Airborne intelligence platform joins Army exercise

Lockheed system put to test in C4ISR On-the-Move exercise

An aircraft system that can take information from multiple sensors and distribute that information to military units participated in the Army’s C4ISR On-the-Move exercise held last month.

Designed by Lockheed Martin Corp., the Airborne Multi-Intelligence Laboratory (AML) flew support missions for the Army’s Intelligence and Information Warfare Directorate and was one of several sensor-gathering platforms participating in the event, company officials said Sept. 9.

The AML gathered high-quality intelligence through a system of onboard sensors and then relayed the intelligence to a ground station. At that point, the ground station transmitted the data to the Army’s Distributed Common Ground System (DCGS-A) for further analysis and distribution to the Army’s battle command system, the officials said.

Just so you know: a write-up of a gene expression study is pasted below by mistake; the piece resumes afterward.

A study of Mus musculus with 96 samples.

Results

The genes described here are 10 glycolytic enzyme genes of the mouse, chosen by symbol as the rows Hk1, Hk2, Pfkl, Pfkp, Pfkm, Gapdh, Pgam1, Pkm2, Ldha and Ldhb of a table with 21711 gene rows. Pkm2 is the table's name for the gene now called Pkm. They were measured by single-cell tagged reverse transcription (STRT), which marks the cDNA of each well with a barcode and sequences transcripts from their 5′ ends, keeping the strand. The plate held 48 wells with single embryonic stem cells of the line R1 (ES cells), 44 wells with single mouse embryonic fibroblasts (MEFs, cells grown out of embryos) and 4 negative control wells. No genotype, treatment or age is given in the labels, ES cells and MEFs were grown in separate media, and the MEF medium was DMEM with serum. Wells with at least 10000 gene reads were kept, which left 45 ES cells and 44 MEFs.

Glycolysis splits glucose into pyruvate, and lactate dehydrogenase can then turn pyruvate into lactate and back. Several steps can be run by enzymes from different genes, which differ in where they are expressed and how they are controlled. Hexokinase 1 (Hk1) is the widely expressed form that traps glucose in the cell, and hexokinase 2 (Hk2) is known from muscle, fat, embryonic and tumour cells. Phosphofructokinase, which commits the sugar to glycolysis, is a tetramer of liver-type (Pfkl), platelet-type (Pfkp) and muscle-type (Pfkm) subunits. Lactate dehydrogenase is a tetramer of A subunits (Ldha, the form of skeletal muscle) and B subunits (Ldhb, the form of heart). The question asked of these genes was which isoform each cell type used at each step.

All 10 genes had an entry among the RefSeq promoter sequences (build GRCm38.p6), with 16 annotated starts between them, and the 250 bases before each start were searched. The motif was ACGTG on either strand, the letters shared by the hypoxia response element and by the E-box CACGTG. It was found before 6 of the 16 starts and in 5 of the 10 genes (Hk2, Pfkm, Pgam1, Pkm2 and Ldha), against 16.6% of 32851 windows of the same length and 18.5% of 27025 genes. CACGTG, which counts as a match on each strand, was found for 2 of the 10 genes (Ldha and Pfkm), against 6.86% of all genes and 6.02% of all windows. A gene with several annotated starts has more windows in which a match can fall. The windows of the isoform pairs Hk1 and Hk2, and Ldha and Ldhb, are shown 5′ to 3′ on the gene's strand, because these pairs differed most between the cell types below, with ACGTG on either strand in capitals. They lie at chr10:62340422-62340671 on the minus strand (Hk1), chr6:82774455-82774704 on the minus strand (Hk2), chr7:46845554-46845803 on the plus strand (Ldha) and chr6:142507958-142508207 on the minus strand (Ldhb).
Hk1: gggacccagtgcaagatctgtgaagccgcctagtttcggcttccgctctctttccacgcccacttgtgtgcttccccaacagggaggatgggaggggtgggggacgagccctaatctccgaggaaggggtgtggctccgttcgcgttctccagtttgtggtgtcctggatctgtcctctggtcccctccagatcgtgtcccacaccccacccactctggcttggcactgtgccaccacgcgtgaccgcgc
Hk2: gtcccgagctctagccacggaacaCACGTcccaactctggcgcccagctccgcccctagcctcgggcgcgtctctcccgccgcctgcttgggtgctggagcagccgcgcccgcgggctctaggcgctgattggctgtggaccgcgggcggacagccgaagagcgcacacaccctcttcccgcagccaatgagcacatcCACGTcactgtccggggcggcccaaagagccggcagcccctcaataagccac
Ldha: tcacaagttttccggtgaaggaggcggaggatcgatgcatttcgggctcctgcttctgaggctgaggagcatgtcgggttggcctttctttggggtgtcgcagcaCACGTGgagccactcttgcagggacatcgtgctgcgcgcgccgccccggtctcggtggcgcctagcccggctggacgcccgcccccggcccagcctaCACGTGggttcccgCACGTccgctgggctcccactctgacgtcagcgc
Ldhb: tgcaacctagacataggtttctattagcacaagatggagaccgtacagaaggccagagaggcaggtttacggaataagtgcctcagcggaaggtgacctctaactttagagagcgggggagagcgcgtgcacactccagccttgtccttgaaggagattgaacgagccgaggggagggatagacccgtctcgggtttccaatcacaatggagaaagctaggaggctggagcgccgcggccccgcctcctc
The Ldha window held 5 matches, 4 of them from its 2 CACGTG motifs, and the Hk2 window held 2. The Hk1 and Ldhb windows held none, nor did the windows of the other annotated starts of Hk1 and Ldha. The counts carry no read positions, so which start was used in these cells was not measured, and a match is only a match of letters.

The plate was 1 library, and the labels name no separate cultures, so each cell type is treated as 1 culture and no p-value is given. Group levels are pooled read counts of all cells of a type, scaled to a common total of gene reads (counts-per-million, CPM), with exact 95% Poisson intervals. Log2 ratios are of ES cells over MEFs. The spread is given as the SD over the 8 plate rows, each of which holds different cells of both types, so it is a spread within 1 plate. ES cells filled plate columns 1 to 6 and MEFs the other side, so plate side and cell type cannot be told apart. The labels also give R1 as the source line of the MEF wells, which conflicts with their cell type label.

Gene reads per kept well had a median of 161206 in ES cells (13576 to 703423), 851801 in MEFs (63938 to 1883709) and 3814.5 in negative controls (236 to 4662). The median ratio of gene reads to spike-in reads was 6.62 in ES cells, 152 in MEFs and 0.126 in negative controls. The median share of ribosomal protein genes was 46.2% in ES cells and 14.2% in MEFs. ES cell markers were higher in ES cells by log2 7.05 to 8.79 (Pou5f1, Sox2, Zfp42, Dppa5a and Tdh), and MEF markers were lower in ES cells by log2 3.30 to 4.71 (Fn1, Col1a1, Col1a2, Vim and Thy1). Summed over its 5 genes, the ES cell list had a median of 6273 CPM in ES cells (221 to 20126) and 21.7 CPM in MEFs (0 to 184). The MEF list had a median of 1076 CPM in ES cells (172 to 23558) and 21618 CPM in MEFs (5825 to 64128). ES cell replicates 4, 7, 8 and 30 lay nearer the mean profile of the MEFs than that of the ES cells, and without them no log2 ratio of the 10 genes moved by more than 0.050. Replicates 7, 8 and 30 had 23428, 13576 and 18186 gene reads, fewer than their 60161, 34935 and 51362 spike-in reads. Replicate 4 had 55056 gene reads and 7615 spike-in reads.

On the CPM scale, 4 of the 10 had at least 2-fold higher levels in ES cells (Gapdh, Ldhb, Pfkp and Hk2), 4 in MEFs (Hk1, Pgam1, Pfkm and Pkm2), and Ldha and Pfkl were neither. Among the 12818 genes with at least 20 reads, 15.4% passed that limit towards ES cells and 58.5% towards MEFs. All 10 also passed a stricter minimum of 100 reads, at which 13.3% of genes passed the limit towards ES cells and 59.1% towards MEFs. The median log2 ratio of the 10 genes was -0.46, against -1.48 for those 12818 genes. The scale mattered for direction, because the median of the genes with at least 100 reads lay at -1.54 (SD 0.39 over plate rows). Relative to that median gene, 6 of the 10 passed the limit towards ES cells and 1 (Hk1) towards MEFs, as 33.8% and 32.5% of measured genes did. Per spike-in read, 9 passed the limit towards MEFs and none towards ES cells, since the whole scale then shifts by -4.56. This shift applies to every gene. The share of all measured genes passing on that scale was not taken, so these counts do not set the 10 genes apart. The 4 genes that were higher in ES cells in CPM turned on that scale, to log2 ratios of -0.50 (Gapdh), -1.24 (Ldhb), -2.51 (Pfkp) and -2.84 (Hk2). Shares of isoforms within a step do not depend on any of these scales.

DCGS-A pulls together intelligence, surveillance and reconnaissance data and stores it in a single system that is used to push information to commanders in the field.

The airborne laboratory collected radio signals from the sensors and confirmed the information with an advanced high-definition, electro-optical infrared sensor provided by FLIR Systems Inc.

The AML is housed in a modified Gulfstream III business jet aircraft. The airborne laboratory uses an open architecture and offers a reconfigurable platform to rapidly test, explore, identify and validate how multiple sensors and onboard systems interact.

The airborne laboratory is intended for specific military, strategic intelligence and homeland security mission needs, the officials said.

The C4ISR On-the-Move exercise was held at Lakehurst Naval Engineering Air Station and Fort Dix, both located in New Jersey.

About the Author

William Welsh is a freelance writer covering IT and defense technology.